Smooth government means good planningPublished 9:13am Wednesday, January 9, 2013
Column: City View, by Chad Adams
The city recently wrapped up our 2013 budget approvals, which included a number of new and enhanced planning and analysis tools. The primary goal of using these tools is to better project our future needs and resources to provide city services. The Albert Lea City Council advocated in the summer of 2011, upon my hire to the community, that creating a long-term sustainable financial plan was a top priority. We have now laid the foundation and are achieving that goal for the city.
One of the tools that we have used in the past is a five-year capital improvement plan, or CIP. We have recently enhanced the CIP to include more detail on capital needs and how they will be funded.
For example, instead of illustrating the need for a capital project to be funded through general taxpayer dollars, we are now specifically indicating if those dollars will be funded via the city’s annual general fund budget (tax dollars), debt service or equipment certificates (tax dollars), or use of fund reserves (also tax dollars). Identifying the specific type of tax dollar revenue will create a more effective and transparent strategy on how we are using such tax dollars annually, but also for several years into the future. The details in the CIP also better allows the City Council to incorporate their philosophy on willingness to bond for projects, use existing or increase tax dollars, and the amount of our fund reserves we should be using to fund the projects.
Another enhancement to the CIP is more long-term planning beyond five years. While many projects have been included in the CIP as “beyond five years,” we are now beginning to identify details for 10 years, which will again include specific sources of revenue.
We also recently updated a rate analysis for both the city’s water and sanitary sewer utilities. While we already were aware of the water utility’s insufficient low cash reserve, we created the plan to determine the amount needed to raise rates today and for the next several years to meet basic infrastructure needs. The sewer utility is in better condition and the rate analysis once again help us identify a plan for expected rates over the next several years. The rate increases in the water utility and sewer utility for 2013 directly reflect the rate analysis and future needs.
The one new tool that we used for the 2013 budgets is a financial management plan, or FMP. In short, the FMP brings together all the items noted above, which include the general fund operating needs, capital infrastructure needs, equipment needs, fund reserves, revenue sources and includes them in a 20-year plan.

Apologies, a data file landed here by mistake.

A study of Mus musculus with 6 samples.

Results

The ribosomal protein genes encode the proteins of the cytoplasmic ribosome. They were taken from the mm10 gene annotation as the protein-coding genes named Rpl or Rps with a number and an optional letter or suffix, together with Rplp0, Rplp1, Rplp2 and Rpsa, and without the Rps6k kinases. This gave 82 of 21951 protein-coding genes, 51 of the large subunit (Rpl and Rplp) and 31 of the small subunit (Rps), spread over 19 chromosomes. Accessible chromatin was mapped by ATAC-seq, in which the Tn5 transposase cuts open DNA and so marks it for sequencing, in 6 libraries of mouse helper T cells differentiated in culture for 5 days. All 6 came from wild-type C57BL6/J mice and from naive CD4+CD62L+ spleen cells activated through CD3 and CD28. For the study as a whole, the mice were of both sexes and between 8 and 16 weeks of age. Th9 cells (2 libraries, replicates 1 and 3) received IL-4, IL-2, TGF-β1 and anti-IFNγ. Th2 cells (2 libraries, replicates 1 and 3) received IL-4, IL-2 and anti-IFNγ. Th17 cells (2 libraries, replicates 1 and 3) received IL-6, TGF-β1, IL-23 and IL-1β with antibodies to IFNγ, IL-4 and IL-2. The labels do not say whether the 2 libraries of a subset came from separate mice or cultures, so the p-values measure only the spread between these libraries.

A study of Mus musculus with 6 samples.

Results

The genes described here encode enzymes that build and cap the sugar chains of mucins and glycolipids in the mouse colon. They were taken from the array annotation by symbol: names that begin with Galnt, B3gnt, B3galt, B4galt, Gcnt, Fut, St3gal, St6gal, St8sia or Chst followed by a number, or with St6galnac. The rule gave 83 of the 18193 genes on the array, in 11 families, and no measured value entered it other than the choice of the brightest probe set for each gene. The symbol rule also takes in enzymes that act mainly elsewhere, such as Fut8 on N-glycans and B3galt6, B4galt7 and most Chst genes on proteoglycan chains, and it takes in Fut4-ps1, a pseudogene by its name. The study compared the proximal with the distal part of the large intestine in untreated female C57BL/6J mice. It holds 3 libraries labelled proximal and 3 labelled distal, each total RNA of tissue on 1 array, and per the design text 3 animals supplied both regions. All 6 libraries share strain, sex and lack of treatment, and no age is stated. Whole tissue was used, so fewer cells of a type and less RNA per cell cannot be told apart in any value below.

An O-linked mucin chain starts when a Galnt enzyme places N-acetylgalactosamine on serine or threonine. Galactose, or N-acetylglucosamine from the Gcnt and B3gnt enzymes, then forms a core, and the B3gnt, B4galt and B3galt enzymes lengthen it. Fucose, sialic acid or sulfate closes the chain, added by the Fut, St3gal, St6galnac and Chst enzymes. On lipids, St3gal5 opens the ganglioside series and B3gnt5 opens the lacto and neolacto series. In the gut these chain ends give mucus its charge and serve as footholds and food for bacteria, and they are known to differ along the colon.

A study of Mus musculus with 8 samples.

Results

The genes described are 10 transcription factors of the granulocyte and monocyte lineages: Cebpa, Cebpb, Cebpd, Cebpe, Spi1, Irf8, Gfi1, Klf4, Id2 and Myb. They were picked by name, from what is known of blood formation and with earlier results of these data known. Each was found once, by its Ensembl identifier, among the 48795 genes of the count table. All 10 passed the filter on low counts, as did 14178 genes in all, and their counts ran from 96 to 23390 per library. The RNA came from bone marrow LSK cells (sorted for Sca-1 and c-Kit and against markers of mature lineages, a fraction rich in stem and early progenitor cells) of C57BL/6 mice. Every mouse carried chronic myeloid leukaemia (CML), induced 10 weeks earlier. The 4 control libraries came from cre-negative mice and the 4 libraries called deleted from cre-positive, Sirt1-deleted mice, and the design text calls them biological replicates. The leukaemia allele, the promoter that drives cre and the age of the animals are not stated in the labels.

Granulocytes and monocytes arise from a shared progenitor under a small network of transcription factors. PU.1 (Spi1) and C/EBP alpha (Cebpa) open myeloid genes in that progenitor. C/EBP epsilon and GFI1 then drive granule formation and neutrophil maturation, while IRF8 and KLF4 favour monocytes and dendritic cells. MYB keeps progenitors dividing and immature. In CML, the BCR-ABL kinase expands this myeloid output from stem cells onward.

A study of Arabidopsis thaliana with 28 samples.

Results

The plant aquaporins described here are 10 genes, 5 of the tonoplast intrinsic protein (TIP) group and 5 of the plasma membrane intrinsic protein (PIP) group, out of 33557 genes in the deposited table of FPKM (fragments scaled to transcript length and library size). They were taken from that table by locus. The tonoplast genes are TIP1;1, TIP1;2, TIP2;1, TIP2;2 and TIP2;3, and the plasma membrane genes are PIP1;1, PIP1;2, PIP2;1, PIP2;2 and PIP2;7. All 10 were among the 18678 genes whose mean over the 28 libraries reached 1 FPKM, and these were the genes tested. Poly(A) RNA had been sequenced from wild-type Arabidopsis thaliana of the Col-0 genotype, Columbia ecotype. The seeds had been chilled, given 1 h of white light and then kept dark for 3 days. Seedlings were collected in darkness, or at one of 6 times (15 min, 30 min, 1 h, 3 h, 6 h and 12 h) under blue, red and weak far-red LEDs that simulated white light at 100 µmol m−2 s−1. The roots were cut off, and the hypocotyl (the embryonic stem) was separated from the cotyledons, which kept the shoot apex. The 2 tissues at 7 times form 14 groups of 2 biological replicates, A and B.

The FMP is a great working tool and will be used as a guide to help the departments, city manager and council make financial decisions in the future.
The city has also been working the past several months on preparing for a new financial software system that will improve financial transaction and accounting efficiencies, provide better analytical and available data to departments, and provide stability in a system compared to the city’s antiquated and nearly obsolete system, which requires far too much manual entry and troubleshooting. Finance Officer Terry Berg and finance staff have been working on the change, and all departments will be affected by the improved system and change. The new system and accompanying internal procedures will be implemented fully beginning this spring and will deliver improved customer service to our residents.
While there will always be anomalies to budgeting and long-term financial forecasting (i.e. local government aid), the tools and systems we have implemented will mitigate the large increases in taxes and utility fees in the future as well as preserve our core community services. Benjamin Franklin once stated, “By failing to prepare, you are preparing to fail.”
The city recognizes the value of good planning, and that’s why “planning” is identified as one of our organization’s key value statements: “We will make decisions that are based on the entire community and future generations.”
Chad Adams is the city manager for Albert Lea.